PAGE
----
That’s what the customer relationship management (CRM) startup has been working on since its 2011 launch. In the last two years, Cirrus has transformed from a tool that connects Salesforce with Gmail into more of a platform, offering Gmail integration for nearly two dozen apps on the Salesforce AppExchange.

As of today, that list includes Marketo, Eloqua, Hubspot, ExactTarget, and several other automated marketing solutions.

“When we looked at the apps people wanted, marketing automation was really at the top of the list,” said Brandon Bruce, Cirrus Insight’s chief operating officer and cofounder, in an interview with VentureBeat.


“What Cirrus is doing is it’s bringing that intelligence and functionality into the inbox,” added Bruce.

Cirrus Insight costs $19 per user per month, though you also need to subscribe to Salesforce to use it. And if you want to integrate any of those marketing automation offerings, you’ll need to pay for them, too.

The Cirrus team has also integrated others kinds of apps with Gmail, including software for gamification (LevelEleven), document workflow (Drawloop, Conga), and productivity (CalendarAnything, TaskRay), among others. And more integrations are coming, promised Bruce.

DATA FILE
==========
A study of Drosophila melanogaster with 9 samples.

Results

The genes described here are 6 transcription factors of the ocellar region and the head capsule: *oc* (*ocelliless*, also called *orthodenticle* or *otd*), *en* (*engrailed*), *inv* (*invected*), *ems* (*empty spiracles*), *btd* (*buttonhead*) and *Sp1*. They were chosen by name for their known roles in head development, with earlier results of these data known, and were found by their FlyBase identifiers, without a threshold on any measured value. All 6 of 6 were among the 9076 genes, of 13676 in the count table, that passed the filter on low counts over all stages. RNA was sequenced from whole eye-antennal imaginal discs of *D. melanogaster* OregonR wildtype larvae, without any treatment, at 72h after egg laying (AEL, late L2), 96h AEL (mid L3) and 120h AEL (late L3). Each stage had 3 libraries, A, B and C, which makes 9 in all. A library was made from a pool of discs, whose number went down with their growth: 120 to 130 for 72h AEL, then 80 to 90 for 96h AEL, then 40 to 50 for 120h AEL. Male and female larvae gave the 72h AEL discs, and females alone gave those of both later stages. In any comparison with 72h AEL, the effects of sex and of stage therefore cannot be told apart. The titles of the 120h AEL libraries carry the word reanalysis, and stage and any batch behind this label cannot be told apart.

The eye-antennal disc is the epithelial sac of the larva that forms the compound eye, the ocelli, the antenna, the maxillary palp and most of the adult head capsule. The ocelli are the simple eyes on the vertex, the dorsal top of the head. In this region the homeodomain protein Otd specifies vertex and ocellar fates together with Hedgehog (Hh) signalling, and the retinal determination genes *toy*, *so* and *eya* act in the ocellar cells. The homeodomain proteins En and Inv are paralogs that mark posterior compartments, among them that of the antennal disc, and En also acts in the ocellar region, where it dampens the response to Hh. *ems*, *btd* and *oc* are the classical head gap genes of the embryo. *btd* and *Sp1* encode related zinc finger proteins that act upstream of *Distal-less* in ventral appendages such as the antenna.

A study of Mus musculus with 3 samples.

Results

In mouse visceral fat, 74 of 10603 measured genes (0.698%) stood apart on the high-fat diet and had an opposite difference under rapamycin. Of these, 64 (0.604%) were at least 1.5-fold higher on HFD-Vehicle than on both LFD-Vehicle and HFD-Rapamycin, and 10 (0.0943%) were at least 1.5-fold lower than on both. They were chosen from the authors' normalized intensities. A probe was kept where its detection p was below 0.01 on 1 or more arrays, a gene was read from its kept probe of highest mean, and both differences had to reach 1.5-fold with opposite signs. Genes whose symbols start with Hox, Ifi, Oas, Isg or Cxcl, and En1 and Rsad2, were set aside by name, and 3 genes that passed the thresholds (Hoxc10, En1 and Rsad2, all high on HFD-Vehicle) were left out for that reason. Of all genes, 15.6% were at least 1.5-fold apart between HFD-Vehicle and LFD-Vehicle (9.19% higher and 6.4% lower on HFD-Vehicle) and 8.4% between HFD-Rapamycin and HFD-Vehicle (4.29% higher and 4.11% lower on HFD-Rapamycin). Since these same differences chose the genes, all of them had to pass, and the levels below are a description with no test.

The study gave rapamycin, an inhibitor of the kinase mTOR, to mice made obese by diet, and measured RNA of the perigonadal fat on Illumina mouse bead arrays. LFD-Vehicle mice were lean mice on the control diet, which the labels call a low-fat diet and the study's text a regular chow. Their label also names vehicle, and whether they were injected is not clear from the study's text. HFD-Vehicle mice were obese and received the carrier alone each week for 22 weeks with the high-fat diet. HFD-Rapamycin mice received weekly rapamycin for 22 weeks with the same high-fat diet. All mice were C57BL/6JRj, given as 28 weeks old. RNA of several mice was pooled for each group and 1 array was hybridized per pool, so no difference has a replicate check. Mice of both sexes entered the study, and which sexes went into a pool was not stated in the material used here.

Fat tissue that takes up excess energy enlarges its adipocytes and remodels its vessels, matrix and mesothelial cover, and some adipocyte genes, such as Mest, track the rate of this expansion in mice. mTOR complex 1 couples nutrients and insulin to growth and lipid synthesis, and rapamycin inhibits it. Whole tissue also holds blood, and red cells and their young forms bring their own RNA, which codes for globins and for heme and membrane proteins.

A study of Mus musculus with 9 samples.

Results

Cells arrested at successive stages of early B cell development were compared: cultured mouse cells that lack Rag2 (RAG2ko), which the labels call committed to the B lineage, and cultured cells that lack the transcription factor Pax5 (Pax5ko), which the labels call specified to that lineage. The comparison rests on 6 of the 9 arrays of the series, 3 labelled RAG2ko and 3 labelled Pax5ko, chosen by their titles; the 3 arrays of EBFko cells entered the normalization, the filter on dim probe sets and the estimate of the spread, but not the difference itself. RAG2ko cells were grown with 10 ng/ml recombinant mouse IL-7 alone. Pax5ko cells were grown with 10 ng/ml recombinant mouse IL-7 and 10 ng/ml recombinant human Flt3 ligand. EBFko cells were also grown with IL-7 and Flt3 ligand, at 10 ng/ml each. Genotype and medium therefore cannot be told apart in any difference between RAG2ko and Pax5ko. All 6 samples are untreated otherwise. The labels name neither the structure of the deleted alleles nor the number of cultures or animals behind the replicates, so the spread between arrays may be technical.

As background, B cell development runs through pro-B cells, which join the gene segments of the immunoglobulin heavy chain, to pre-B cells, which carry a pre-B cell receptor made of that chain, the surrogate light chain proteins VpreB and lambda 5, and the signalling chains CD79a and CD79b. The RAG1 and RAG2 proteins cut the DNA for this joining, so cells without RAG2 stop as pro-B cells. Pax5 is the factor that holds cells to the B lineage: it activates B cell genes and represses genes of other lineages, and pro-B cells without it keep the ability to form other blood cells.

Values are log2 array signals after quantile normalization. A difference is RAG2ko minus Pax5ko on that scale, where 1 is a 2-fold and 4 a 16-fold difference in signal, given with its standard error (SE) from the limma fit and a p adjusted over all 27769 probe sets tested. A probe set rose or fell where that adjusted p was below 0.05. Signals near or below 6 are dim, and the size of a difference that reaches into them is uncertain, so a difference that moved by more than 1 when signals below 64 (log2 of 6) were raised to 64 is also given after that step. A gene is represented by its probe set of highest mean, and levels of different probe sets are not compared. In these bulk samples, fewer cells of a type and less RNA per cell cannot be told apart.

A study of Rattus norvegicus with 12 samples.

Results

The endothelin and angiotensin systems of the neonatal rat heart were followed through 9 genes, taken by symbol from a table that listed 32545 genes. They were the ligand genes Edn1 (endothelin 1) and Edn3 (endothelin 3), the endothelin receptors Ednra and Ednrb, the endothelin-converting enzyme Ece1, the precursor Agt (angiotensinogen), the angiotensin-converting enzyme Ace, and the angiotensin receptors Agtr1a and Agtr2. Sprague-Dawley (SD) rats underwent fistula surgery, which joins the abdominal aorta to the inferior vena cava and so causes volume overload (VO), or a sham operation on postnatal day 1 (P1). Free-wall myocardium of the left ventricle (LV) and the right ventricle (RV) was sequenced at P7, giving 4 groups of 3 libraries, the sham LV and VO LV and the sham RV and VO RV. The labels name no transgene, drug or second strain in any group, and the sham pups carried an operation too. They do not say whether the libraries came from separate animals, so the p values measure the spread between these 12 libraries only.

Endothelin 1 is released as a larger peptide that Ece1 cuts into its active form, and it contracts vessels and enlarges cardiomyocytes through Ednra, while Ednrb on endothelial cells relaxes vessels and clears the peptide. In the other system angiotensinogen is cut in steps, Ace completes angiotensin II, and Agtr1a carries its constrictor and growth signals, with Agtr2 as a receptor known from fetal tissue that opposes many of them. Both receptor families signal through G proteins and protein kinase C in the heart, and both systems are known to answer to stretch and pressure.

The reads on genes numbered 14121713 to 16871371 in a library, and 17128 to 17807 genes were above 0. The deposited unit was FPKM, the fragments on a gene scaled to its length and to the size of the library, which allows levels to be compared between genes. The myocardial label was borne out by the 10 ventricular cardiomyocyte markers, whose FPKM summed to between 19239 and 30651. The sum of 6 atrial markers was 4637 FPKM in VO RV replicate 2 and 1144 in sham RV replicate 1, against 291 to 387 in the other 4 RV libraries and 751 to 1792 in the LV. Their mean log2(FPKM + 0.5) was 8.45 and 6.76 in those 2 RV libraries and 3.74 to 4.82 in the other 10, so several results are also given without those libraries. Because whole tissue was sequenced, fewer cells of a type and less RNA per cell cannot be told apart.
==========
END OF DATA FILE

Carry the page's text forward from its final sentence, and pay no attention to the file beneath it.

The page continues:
“It did take a long time to re-architect our application to take advantage of all of the third-party apps on Salesforce, but now it’s very much out of the box integration,” he said. “And on the customer side, there’s no customization or setup process — it just works.”

Cirrus is also working on a mobile app that’ll include your Gmail inbox with built-in Salesforce CRM functionality. It’ll come to iOS in the first quarter of next year, followed by an Android release some months down the line.

The startup has yet to raise outside funding, but it has continued to grow substantially every month, according to Bruce.

“We definitely got a big boost from [Salesforce’s] Dreamforce conference in November,” he said. “We’re poised to close out the year on a high note.”

Cirrus Insight is based in Laguna Hills, Calif. with an additional office near Knoxville, Tenn. It currently has 11 employees, but Bruce expects to hire a few more developers before the end of the year. Cirrus customers include, HootSuite, and The Boston Globe.

Other companies are also working to bring additional functionality to Gmail. MxHero, for example, makes a free extension that acts like an “in-app store” for Gmail, providing access to email services built by the startup and third-party developers. It also has a suite of offerings for corporate email users that can do things like send giant attachments and create self-destructing messages.